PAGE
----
Sherman driver's hoods and hatches


"Early" hoods with Direct Vision blocks (DV)

M4A1 with Direct Vision    M4A1 with Direct Vision

The earliest Sherman tanks were provided with "direct vision" ports installed in the driver's and assistant driver's positions. Although the direct vision appears to provide protection, the designers noted that small gaps permitted the entry of bullet splash. Ultimately, direct vision was ordered eliminated on June 24 1942 for cast hulls and August 13 1942 for welded hulls. It would take some months before the redesigned drivers' hoods could enter production, and several thousand Shermans were built with direct vision. Here are shows the direct vision ports on "Michael", the oldest Sherman still in existence.


M4A2 Direct Vision    M4A2 Direct Vision

Early M4A2 Direct Vision blocks and hoods, as installed on the first ALCO M4A2 hull. Current evidence suggests that most or all of the 150 ALCO built M4A2s had direct vision.
Photos courtesy of Neil Baumgardner.


M4A2 Direct Vision    M4A2 Direct Vision

M4A2 Direct Vision    M4A2 Direct Vision

Another early M4A2 with Direct Vision blocks. The hatches are the initial configuration and do not have counter balance springs (Kurt Laughlin).
This particular tank is located at Saint-Martin-de-Varreville, near Utah Beach.


M4A4 Direct Vision    M4A4 Direct Vision

Early M4A4s Direct Vision blocks and hoods.
The minutes of a conference held at Lima Locomotive Works on 4/27/42 discuss a gap in the direct vision configuration that exposed the drivers to bullet splash. The remedy proposed to the bullet splash issue was the addition of a splash guard in front of the DV block. This bullet splash can be seen on the photos above.


Appliqué plates    Appliqué plates

The direct vision slots were considered ballistic weak spots. A great part of Sherman tanks that had them can be seen to have the drivers' hood "appliqué" armor modification which was installed at the factory or in depots in the US, or in the UK before D-Day. In the two photos above, one can just see the direct vision visors hidden behind the drivers' hood applique plates. Note also the positive hatch lock mechanisms with equilibrator springs; modifications that were introduced in the second half of 1943, and retrofitted to many Shermans that had been built without them.


M4A1 Direct Vision    M4A1 Direct Vision

Direct Vision blocks and hoods, as seen on an early M4A1 located near Dompaire, in France. The driver's hood applique plates obscure the direct vision slots. The Field Service Modification Work Order for these plates was published in late August, 1943. The modification did not apply to the M4A1 as it was thought that the cast armor in front of the drivers' hoods was better contoured, and not as vulnerable as the protruding hoods used on welded hull Shermans. However, based on a few period photos and surviving examples, it would appear that direct vision M4A1s received this mod during remanufacture, and, overseas "in the field" in some instances. The positive hatch lock mechanisms and equilibrator springs were introduced in the Spring of 1943, and could have been added as a field modification or during remanufacture.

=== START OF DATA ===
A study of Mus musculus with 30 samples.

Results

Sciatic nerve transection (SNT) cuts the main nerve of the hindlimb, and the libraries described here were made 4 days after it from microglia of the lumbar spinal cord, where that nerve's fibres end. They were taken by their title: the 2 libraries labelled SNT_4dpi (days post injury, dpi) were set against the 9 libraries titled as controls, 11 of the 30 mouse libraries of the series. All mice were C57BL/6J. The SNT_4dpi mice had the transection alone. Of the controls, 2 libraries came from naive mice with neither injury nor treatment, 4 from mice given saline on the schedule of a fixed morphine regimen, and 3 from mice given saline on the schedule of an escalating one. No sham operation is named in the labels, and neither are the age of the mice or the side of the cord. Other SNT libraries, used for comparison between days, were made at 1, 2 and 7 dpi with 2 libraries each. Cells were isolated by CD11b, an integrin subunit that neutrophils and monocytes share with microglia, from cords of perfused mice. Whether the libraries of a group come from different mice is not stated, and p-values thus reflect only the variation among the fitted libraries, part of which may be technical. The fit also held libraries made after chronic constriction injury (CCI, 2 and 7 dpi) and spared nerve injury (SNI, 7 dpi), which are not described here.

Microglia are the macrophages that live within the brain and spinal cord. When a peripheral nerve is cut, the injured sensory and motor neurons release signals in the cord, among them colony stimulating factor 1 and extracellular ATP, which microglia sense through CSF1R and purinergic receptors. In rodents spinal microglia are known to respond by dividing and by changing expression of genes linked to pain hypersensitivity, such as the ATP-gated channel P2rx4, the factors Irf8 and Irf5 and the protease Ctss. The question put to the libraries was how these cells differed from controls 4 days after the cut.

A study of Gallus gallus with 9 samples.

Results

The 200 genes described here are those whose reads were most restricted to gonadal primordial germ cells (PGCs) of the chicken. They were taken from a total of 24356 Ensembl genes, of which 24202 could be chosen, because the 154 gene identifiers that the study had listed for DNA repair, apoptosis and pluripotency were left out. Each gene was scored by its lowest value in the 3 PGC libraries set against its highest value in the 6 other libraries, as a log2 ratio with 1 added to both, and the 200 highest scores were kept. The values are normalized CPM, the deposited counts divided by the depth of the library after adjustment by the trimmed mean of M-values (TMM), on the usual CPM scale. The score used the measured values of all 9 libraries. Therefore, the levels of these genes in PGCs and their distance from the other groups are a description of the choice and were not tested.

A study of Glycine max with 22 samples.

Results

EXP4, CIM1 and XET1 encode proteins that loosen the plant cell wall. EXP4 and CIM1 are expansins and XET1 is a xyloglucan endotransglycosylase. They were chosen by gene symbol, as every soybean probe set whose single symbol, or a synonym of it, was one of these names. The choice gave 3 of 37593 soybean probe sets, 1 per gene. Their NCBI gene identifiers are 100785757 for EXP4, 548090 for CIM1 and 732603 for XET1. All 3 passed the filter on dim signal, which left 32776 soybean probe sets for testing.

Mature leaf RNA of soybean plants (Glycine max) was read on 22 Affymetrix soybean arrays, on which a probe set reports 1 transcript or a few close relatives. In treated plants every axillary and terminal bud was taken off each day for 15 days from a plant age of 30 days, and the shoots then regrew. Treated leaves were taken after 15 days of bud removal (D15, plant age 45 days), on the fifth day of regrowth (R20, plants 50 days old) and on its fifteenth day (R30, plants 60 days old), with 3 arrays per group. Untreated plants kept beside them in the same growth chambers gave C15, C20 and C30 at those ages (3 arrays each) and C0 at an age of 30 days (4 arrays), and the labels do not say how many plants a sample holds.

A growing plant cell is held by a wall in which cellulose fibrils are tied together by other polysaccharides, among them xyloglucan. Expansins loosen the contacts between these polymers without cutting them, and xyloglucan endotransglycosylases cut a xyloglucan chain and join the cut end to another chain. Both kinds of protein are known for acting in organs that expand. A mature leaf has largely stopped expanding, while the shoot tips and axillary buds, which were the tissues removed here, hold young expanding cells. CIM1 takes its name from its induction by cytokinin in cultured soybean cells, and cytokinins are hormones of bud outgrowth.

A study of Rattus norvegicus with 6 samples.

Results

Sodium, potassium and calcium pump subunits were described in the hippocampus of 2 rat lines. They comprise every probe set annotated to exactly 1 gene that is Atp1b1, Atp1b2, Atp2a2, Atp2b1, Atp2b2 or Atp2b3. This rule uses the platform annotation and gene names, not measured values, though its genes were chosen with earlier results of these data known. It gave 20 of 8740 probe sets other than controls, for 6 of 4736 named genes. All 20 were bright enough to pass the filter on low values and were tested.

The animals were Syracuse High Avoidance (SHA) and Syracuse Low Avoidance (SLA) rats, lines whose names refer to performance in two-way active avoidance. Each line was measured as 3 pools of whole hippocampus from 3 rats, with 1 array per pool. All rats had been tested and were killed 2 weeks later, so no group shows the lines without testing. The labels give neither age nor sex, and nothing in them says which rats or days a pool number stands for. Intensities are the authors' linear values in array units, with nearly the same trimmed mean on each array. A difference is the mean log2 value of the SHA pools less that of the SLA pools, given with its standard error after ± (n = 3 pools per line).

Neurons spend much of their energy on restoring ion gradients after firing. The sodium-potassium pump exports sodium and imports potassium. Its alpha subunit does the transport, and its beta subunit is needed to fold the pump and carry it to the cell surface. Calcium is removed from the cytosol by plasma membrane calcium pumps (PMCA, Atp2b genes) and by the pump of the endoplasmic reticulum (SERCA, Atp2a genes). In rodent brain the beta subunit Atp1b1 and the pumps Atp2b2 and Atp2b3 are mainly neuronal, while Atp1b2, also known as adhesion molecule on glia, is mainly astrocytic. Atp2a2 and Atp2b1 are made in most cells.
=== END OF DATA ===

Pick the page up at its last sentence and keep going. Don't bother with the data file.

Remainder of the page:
Later hoods without Direct Vision


Wide casting    Narrow casting

Only Chrysler (M4A4) and Ford (small hatch M4A3) used "wide" drivers' hoods castings on their Shermans. Small hatch M4s and M4A2s manufacturers made use of "narrow" drivers' hood castings. Note how the "wide" casting included a section of the glacis along with the driver's hood. The lines in red on the pictures above show the weld patterns of the wide vs. narrow drivers hoods. Thus, the "narrow" versus "wide" hood casting is a recognition feature and would help to recognize an M4 or an M4A2 vs an M4A3 or an M4A4. Left-side photo courtesy of Paul Hannah.


M4A1 mid-production    M4A1(75) Dry

Hoods and hatches, as seen on a small hatch M4A1. Direct Vision was eliminated from the M4A1 design by the three M4A1 manufacturers by August, 1942.


M4A2 Pullman

M4A2 Pullman   M4A2 Pullman

Cast hoods and hatches, as seen on Federal Machine and Welder (FMW) M4A2s and late Pullman Standard small hatch tanks.


M4 Alco    M4 Alco

Cast drivers hoods installed on ALCO M4s have a slighly different design than FMW and Pullman ones, and are a recognition feature of tanks produced by this manufacturer.


M4A2 Fisher    M4A2 Fisher

In late 1942, Fisher transitioned from direct vision to "fabricated" drivers' hoods. Note the very sharp, angular appearance of the hoods. Fabricated drivers' hoods were exclusive to Fisher-made M4A2s and were set up to save foundry capacity. The other builders used castings.



M4A2 Fisher

A little bullet splash can be seen on some Fisher & ALCO Shermans, but not all of them. It protects the hinge knuckles. It was an official part that seems to have been introduced in mid 1943. The reason why this part was not added on other Shermans is unknown.


M4A3 Ford    M4A3 Ford

"Wide" drivers hoods castings, as seen on Ford M4A3 Sherman tanks.


M4A4    M4A4

The drivers hoods castings used on Chrysler M4A4 Shermans are similar to the Ford M4A3 ones.